The Congress of South African Trade Unions (COSATU), a federation of labor unions, played a crucial role in the struggle against apartheid. It provided much of the personnel that mobilized voters for the African National Congress (ANC) from the country‘s first “all-race” elections in 1994 up to now. COSATU, the South African Communist Party (SACP), and the ANC form the coalition that governs the country. COSATU and SACP contest elections as part of the ANC.
Conventional wisdom holds that the leadership of COSATU is increasingly distant from the laboring and unemployed masses, just as is President Jacob Zuma and the top ANC political leadership. (Unemployment in South Africa is variously estimated in the range of 25 to 50 percent, depending on the demographic.) The unions that make up COSATU are increasingly white-collar and based in the public sector, rather than blue-collar employees of private enterprises.
By and large, the unions do not advocate low-wage, low skill policies that might reduce the very high levels of unemployment that drive poverty. COSATU is internally divided because of personal rivalries, but also over principle. The most salient division of the latter is between those in the federation that want closer ties to the ANC and SACP political leadership, and those who want to maintain greater distance. In general, those who favor distance want a more radical and aggressive labor movement. Here, as is often true elsewhere in South Africa, the SACP and the ANC political leadership are essentially conservative in outlook.
Zwelinzima Vavi, a former General Secretary of COSATU who lost an internal power struggle and was fired in 2014, has announced that he will lead a “workers summit” in March, to be followed by the organization of a new federation in May that will rival COSATU. According to the media, current COSATU affiliates that are likely to join the new federation include the National Union of Metalworkers of South Africa (NUMSA)--usually identified as the largest and richest trade union, the Food and Allied Workers Union, the South African Football Players Union, and the Public and Allied Workers Union of South Africa.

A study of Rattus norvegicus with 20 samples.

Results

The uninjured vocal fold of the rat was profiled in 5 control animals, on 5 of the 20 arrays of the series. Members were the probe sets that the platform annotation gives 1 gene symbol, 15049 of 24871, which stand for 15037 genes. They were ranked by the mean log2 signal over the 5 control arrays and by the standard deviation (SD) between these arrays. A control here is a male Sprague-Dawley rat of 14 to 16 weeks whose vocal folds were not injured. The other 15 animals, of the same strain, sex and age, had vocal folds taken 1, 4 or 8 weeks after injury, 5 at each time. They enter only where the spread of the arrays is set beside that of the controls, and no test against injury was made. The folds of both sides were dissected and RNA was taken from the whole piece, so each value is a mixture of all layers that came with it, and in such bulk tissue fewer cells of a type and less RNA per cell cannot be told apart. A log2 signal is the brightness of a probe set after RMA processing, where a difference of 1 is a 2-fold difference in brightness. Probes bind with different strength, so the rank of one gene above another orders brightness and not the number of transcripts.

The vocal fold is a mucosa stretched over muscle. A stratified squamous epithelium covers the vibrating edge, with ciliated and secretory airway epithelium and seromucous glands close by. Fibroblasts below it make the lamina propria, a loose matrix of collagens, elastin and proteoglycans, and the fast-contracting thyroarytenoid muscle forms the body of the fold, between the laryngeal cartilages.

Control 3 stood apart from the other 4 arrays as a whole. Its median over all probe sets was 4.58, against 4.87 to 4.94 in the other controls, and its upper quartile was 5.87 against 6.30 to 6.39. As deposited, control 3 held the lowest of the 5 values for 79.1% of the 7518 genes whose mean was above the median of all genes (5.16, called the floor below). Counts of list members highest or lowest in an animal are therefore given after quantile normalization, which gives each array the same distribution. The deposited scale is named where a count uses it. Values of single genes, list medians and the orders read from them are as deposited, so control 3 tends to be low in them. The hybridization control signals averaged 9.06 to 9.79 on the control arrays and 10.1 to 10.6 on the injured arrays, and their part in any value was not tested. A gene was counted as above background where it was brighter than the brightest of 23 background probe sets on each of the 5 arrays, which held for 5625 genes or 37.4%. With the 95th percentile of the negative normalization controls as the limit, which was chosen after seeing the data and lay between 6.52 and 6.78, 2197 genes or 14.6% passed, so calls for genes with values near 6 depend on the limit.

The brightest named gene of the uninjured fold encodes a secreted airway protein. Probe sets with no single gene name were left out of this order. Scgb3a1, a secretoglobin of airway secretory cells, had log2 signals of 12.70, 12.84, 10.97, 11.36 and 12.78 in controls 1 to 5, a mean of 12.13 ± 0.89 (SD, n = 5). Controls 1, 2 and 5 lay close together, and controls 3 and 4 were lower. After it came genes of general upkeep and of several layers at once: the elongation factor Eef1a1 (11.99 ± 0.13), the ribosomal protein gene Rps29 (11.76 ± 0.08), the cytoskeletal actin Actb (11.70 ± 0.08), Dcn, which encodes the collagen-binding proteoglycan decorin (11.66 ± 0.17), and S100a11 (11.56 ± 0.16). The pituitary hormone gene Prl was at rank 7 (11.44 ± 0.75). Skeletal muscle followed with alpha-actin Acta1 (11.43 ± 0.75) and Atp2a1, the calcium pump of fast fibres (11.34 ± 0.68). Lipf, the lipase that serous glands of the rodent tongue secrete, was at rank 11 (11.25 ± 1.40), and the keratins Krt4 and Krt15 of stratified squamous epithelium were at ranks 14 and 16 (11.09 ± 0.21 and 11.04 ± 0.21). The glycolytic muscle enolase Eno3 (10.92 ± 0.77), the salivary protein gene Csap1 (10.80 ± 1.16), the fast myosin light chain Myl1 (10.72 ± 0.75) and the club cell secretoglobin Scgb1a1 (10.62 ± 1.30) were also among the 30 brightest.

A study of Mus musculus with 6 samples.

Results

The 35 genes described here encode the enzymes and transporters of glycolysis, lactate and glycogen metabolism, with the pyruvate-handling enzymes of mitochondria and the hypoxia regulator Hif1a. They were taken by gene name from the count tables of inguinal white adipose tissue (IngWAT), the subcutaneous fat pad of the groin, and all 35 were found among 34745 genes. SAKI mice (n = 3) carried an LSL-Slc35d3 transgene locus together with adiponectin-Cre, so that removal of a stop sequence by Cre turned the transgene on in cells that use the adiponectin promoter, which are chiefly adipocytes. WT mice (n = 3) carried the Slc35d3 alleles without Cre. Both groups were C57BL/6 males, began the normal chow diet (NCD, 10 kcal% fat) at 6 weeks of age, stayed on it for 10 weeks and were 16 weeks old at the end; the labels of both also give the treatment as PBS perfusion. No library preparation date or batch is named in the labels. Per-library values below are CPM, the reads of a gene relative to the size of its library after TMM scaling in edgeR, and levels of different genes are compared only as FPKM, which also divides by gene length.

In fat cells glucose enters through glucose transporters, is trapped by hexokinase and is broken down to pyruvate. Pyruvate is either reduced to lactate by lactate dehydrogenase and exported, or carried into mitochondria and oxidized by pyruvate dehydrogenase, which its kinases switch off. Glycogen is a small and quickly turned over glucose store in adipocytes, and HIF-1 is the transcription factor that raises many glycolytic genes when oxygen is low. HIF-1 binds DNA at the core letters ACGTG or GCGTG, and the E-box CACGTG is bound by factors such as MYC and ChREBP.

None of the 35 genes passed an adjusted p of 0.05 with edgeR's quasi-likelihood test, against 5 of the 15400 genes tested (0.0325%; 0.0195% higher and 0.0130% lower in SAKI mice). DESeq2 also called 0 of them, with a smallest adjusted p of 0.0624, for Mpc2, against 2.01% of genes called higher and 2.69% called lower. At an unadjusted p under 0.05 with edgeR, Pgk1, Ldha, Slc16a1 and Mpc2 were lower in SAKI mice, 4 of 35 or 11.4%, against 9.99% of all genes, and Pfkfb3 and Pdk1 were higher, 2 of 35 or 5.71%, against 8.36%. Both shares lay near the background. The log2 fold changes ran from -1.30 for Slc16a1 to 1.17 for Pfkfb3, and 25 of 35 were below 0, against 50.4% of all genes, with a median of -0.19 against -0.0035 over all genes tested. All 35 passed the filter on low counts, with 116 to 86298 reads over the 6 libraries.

Vavi is saying that the new labor federation will not be affiliated with any political party. However, there has been speculation that a new, “responsible” left-wing party based on trade unions such as NUMSA, will emerge before the national elections of 2019. It would challenge the ANC and also the Economic Freedom Fighters—a radical party that on occasion uses non-democratic methods, such as the disruption of the sitting of parliament. A new labor federation might generate such a “left-wing but responsible” political party.
The emergence of two, rival labor federations at best will contribute to the general opening up of South African political life, so long dominated by the ANC and the politics of racial identity. However, it could also result in more labor militancy with consequences difficult to foretell.